The abundance of water in the Caprivi sustains a big game stock. Specially numerous are the elephants, though one might not easily spot them in the dense vegetation. The game is being protected in a couple of reserves (Mahango, Mudumu, Lizauli, Mamili). There are no fences, so that the animals can roam about across the borders of the neighbouring countries of Botswana and Zambia. Especially excellent for game viewing is the Chobe National Park in Botswana bordering the Caprivi in the south.
Top: Sunset at the Zambesi River near Katima Mulilo. Bottom: Buffaloes in the Chobe National Park, Botswana. Left: Small settlement in the Caprivi region.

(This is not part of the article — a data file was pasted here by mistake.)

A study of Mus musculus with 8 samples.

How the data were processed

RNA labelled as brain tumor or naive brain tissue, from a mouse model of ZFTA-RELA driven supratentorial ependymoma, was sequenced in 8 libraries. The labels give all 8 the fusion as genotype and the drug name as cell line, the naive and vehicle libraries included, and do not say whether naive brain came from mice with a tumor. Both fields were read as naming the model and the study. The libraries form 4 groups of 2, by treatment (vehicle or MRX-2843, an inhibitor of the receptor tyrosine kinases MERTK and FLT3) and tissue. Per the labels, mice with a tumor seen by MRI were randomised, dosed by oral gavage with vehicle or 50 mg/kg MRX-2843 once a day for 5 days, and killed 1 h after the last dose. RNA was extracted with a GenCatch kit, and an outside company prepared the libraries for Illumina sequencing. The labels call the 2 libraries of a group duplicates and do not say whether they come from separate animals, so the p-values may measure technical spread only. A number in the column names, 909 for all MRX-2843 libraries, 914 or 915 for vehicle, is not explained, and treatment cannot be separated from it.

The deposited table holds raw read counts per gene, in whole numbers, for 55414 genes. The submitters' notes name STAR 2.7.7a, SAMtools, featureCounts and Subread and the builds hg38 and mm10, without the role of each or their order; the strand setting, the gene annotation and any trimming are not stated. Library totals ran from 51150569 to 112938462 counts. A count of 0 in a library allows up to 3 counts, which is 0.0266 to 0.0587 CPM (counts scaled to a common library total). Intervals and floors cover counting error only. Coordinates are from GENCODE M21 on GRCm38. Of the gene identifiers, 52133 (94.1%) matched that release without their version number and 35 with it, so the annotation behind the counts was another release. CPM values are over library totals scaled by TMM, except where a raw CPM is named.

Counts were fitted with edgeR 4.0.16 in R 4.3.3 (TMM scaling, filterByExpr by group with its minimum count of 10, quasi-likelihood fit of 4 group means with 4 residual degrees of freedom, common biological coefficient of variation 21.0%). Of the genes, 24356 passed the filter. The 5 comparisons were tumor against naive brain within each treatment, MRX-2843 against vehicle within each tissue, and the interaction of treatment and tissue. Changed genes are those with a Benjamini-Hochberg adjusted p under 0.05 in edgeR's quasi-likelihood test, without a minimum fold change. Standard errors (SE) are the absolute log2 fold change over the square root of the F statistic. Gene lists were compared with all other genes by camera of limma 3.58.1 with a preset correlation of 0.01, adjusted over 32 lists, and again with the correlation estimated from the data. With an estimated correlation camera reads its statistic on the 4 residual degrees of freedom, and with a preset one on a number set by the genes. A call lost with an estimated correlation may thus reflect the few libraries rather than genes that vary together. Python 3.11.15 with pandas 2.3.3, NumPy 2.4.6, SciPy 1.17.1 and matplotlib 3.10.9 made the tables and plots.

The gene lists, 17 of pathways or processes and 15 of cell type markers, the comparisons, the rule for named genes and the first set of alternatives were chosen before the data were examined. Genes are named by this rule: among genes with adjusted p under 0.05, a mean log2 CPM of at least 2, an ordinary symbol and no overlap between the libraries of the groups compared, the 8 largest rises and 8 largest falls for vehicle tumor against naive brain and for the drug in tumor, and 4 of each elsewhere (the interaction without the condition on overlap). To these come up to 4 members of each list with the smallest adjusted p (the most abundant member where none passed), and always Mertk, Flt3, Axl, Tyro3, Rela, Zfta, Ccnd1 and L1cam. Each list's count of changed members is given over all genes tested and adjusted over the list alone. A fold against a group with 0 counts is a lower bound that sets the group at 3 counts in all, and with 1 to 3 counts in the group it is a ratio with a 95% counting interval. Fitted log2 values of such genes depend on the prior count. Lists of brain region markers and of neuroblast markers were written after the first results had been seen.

The Caprivi is a narrow strip of land in the far northeast of Namibia, about 400 kilometres long. In place of the once corrugated dirt road through the Caprivi, which was hardly passable during the rainy season, there is a tarred National Road nowadays. The Victoria Falls in Zimbabwe (see the Caprivi Info page), most popular tourist destination in the north, can be reached comfortably now.
The Caprivi belongs to the tropical climate zone and registers high precipitation during the rainy season. Combined with the high temperatures, it leads to a hot sultriness. A malaria prophylactic is strongly recommended for the Caprivi.
Katima Mulilo is the provision centre of the Caprivi strip. The small town lies at the mighty Zambesi river and offers some nice lodges directly at the river. Katima has an airport, a hospital, several petrol stations, grocery stores and idyllic street markets with hand-crafted articles.